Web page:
John Alexander Logan



Born 1963, in Chicago, IL; father, served in U.S. Navy. Education: Northwestern University, B.F.A., theatre, 1983.

Addresses: Agent—Creative Artists Agency, 9830 Wilshire Blvd., Beverly Hills, CA 90212.

Career: Producer, director, and writer.

Awards, Honors: Outer Critics Circle Award, best off–Broadway play, 1998, for Never the Sinner; Sierra Award nomination (with David Franzoni and William Nicholson), best screenplay—original, Las Vegas Film Critics Society, 2000, Academy Award nomination (with Franzoni and Nicholson), best writing—screenplay written directly for the screen, Film Award nomination (with Franzoni and Nicholson), best screenplay—original, British Academy of Film and Television Arts, Saturn Award nomination (with Franzoni and Nicholson), best writing, Academy of Science Fiction, Fantasy & Horror Films, 2001, all for Gladiator; Emmy Award nomination, outstanding writing for a miniseries or a movie, 2000, Writer Guild of America Award (TV), adapted long form, 2001, both for RKO 281; Golden Globe Award nomination, best screenplay—motion picture, Writers Guild of America Award (screen) nomination, best screenplay written directly for the screen, Golden Satellite Award nomination, best screenplay—original, Broadcast Film Critics Association Award nomination, best writer, Film Award nomination, best screenplay (original), British Academy of Film and Television Arts, 2005, all for The Aviator; Helen Hayes Award nomination, play category.


Film Work:

Executive producer, Bats, Destination Films, 1999.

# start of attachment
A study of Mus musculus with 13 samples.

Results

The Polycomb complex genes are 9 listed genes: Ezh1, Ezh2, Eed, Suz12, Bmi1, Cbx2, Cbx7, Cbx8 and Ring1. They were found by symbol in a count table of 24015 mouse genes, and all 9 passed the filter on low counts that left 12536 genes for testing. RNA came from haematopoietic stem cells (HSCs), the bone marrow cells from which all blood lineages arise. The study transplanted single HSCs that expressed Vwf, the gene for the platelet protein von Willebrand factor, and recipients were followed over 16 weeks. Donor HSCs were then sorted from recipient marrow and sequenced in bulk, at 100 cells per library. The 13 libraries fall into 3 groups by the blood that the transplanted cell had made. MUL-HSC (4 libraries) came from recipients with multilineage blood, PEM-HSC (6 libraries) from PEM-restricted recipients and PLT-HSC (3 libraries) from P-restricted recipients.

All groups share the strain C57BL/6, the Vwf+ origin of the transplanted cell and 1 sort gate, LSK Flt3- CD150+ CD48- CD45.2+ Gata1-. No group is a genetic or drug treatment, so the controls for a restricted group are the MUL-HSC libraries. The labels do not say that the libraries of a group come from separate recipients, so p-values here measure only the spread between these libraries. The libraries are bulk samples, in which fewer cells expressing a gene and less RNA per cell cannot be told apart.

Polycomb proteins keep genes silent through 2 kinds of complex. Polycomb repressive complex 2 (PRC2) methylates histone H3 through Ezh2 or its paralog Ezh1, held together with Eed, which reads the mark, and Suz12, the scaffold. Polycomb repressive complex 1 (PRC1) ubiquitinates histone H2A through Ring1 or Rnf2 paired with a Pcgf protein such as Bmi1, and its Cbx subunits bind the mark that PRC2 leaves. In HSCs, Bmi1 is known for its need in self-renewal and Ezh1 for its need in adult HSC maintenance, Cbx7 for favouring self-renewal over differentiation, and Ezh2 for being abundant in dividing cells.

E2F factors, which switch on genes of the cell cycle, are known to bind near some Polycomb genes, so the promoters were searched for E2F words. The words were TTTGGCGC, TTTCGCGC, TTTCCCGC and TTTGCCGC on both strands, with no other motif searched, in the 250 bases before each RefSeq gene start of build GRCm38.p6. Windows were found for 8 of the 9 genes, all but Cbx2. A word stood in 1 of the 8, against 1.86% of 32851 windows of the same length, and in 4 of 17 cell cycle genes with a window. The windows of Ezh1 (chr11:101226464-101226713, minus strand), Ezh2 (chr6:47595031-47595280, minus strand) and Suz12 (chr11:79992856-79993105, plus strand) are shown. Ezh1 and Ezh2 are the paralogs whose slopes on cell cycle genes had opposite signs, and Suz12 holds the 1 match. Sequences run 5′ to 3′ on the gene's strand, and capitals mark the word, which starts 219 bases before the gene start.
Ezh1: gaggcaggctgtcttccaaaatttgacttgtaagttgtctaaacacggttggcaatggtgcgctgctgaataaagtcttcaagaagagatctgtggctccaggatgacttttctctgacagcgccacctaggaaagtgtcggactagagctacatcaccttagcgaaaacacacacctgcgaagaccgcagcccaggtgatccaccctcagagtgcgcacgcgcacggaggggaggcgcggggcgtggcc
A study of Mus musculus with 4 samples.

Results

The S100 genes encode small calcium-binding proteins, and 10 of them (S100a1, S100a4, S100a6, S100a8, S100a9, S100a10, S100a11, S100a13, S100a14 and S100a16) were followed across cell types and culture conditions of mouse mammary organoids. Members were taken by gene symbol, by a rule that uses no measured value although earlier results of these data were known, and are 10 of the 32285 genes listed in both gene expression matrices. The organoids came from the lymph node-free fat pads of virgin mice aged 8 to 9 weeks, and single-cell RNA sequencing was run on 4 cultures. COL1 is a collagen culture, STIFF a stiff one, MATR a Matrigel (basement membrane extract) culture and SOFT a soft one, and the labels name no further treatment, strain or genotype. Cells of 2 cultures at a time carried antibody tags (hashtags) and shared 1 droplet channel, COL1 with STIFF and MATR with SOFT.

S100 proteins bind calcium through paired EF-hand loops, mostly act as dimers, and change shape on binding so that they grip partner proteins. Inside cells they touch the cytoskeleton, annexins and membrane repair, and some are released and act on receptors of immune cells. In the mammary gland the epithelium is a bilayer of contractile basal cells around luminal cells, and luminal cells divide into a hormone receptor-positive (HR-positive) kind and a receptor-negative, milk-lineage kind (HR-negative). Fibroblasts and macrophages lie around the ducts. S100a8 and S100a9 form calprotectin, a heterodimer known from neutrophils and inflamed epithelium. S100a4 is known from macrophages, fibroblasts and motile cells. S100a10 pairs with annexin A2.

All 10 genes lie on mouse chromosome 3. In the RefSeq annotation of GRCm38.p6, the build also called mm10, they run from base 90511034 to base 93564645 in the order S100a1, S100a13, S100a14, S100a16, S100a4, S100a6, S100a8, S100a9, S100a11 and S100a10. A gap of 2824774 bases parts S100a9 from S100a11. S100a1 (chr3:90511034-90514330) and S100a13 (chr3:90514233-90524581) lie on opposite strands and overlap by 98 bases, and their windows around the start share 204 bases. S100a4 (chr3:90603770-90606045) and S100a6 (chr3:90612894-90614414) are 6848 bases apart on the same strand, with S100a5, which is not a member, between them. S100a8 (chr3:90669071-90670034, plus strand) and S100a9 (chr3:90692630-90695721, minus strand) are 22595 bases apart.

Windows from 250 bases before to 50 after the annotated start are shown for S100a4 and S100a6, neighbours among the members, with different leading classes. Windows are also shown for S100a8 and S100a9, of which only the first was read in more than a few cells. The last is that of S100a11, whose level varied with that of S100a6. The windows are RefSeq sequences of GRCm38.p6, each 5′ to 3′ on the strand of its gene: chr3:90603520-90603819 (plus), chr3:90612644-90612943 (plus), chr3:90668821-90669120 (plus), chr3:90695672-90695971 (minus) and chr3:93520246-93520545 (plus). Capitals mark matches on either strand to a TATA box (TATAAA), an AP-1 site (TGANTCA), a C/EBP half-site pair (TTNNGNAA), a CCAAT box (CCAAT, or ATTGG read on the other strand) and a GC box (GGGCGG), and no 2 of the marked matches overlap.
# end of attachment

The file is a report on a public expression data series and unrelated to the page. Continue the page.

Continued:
Coproducer, The Time Machine, DreamWorks, 2002.

Television Appearances; Specials:

A Life without Limits: The Making of the Aviator (documentary), F/X, 2004.

Stage Director:

Hauptman, Cherry Lane Theatre, New York City, 1992.



(With others) Any Given Sunday (based on a story by Logan), Warner Bros., 1999.

Bats, Destination Films, 1999.

(With others) Gladiator, DreamWorks, 2000.

The Time Machine (adapted from H. G. Wells' book of the same title), DreamWorks, 2002.

Star Trek: Nemesis, Paramount, 2002.

Sinbad: Legend of the Seven Seas, DreamWorks, 2003.

The Last Samurai (also known as The Last Samurai: Bushidou), Warner Bros., 2003.

The Aviator, Warner Bros., 2004.

Sweeney Todd, DreamWorks, 2005.

Television Movies:

Tornado!, Fox, 1996.

RKO 281 (also known as RKO 281: The Battle over Citizen Kane), HBO, 1999.

Stage Plays:

Never the Sinner, produced 1985.

Also wrote Hauptmann, produced in Chicago, IL; Riverview, produced at Goodman Theatre, Chicago; The View from Golgotha, produced in Australia; Speaking in Tongues, produced in Washington, DC; Of Poems, Youth, and Spring.



New York Times, January 9, 2005.


Subsequently, Logan chaired the Military Affairs Committees during his years in the House and Senate (1866–86); he founded and was three‐time president of the Grand Army of the Republic, 1869 through 1871. In both roles, he extolled the volunteer citizen‐soldier and excoriated the dominance of military high command by “aristocratic” army officers. Logan's ponderous The Volunteer Soldier of America (1887) reiterated these themes.

Logan's attacks on the regular army represented in part resentment following Gen. William Tecumseh Sherman's selection (1864) of a West Pointer to permanent command of the Army of the Tennessee. Logan was more than the mere political hack and unthinking military critic some scholars have depicted. Recognized as the one of best of the “political” volunteer generals, his ideas for training citizen‐soldiers and opening high command opportunities for them were not mindless. The hyperbole of Logan's rhetoric, however, gravely weakened his assessment of postwar military policy.
[See also Atlanta, Battle of; Civil War: Military and Diplomatic Course; Union Army.]


Russell F. Weigley , John A. Logan: The Rebuttal for a Citizen Army, in Weigley, ed., Towards an American Army: Military Thought from Washington to Marshall, 1962.
James P. Jones , “Black Jack”: John A. Logan and Southern Illinois in the Civil War Era, 1967.
James P. Jones , John A. Logan: Stalwart Republican from Illinois, 1982.

Jerry Cooper


See studies by J. P. Jones (1967) and by his wife, M. S. Logan (1913, abr. ed. 1970).